Tuesday, July 22, 2008

The Mellotron

The Mellotron, a keyboard instrument that was featured in early psychedelic music and later became an essential fixture of “Progressive” bands, was made possible by one of the spoils of World War II—electromagnetic tape. As Michael Jarrett notes in Sound Tracks (1998), "When U.S. troops invaded Radio Luxembourg, they "liberated" a tape machine and shipped it to the Ampex Corporation; further development was financed by Bing Crosby" (214). Technically considered, the Mellotron is a polyphonic, sample-playback keyboard system, the basis of which is a large bank of pre-loaded electromagnetic audio tapes, each of which consists of a pre-recorded sound. Each of the several magnetic tapes has roughly eight seconds of playing time: early user manuals strongly recommended that no key should be held for more than ten seconds. Playback heads underneath each of the keys allowed for the playing of the pre-recorded sounds, hence the reason it is considered a "sample-playback" system. Early Mellotron models, the MK-I and the MK-II, contained two keyboards set side-by-side: the right keyboard consisted of various selectable "instrumental" sounds (e.g., strings, flutes, various brass instruments), while the left keyboard consisted of rhythm tracks. The first Mellotrons--intended for the home, not for the arduous rock concert circuit--were made in Birmingham, England (although the prototype was initially developed in the United States), the reason why the earliest uses of the instrument were by British bands. Musician Mike Pinder (pictured above in the foreground, with the Moody Blues, playing a Mellotron MK-II) worked for Streetly Electronics, the company that manufactured the Mellotron, for about a year and half before joining the Moody Blues in 1967; he and the band are largely responsible for popularizing the Mellotron in popular music. Like the Moog synthesizer, also an electronic instrument, the Mellotron underwent development and refinement. The years of manufacture of the various models of the Mellotron are as follows:

Mellotron Mark-I (1962-63)
Mellotron Mark-II (1964-67)
M-300 (1968-70)
M-400 (1970-86)

The M-400 model, first sold in 1970, become part of the signature sound of the so-called “Progressive” bands of the 1970s. This model included tape banks that could be removed with relative ease and loaded with banks containing different sounds, including percussion loops, sound effects, and other noises. Hence, like pop music itself, the Mellotron is a consequence of electromagnetic tape.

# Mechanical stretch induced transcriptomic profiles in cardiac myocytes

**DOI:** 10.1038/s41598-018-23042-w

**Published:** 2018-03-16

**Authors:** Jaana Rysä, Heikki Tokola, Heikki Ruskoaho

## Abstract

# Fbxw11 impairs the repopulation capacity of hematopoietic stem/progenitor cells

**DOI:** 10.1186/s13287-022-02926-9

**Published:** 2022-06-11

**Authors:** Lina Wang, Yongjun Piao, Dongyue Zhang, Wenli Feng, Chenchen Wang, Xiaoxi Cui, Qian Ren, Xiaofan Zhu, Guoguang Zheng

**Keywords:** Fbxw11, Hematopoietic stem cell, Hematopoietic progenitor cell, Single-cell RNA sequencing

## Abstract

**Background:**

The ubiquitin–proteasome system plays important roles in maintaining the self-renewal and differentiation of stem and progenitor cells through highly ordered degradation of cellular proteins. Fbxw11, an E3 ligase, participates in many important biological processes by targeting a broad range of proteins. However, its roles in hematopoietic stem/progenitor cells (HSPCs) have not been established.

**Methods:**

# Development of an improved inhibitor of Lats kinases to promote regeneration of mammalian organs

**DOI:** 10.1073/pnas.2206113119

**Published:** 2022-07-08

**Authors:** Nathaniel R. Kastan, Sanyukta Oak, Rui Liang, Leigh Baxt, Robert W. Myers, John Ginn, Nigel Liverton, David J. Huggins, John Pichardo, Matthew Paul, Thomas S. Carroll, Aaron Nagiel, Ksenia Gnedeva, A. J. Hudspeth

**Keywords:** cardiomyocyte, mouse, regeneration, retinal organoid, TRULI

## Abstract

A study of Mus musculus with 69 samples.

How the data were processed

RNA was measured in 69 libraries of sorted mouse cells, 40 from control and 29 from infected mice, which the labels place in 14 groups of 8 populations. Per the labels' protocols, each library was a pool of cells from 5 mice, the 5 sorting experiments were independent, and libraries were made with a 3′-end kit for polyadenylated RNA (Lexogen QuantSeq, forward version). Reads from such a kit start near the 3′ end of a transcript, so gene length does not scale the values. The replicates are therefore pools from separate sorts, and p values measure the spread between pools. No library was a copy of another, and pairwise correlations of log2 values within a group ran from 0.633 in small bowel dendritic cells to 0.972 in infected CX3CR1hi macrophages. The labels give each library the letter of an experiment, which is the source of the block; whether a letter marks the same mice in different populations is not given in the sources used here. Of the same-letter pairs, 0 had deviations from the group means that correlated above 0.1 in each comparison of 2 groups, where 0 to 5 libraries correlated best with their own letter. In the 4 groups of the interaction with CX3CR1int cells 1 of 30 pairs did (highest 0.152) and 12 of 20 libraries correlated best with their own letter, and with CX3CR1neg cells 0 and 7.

Ten representative rock songs featuring the Mellotron, 1967-1973:

1. The Beatles - “Strawberry Fields ForeverSgt. Pepper’s Lonely Hearts Club Band (1967)
2. The Moody Blues - “Nights in White SatinDays of Future Passed (1967)
3. The Rolling Stones - “2000 Light Years From HomeTheir Satanic Majesties Request (1967)
4. The Zombies - “Brief CandlesOdessey & Oracle (1968)
5. Cream - “BadgeGoodbye (1969)
6. David Bowie - “Space OdditySpace Oddity (1969)
7. King Crimson - “EpitaphIn the Court of the Crimson King (1969)
8. Genesis - “Watcher of the SkiesFoxtrot (1972)
9. Lynyrd Skynyrd - “Tuesday’s Gonepronounced 'lĕh-'nérd 'skin-'nérd (1973)
10. John Lennon - “Mind GamesMind Games (1973)

For those interested, a short demonstration from the mid-60s of the Mellotron MK-II, can be found here, while an interesting history of the Mellotron, by Mike Pinder of the Moody Blues, can be found here.

1 comment:

Fred said...

Cool blog, but I have one little correction. Actually, Michael Pinder was one of the founding members of the Moody Blues (along with flutist Ray Thomas), and co-wrote most of the songs on their first album (released in 1964) with original guitarist and lead vocalist Denny Lane. John Lodge (who was a pre-Moodies bandmate of Thomas and Pinder) and Justin Hayward joined the band in 1967. Pinder eventually left the group (or got the boot, depending on the side of the story) after he refused to participate in the reunion tour in 1978 with the release of Octave. Sorry to be a little persnickity, but the Moodies have always been one of my favorite groups.

As for Badge, I didn't know that Cream used a mellotron in that song. I know that the effect in the bridge of the song came from Clapton playing through a Leslie speaker (and the title came from Ringo's awful handwriting of the word "bridge").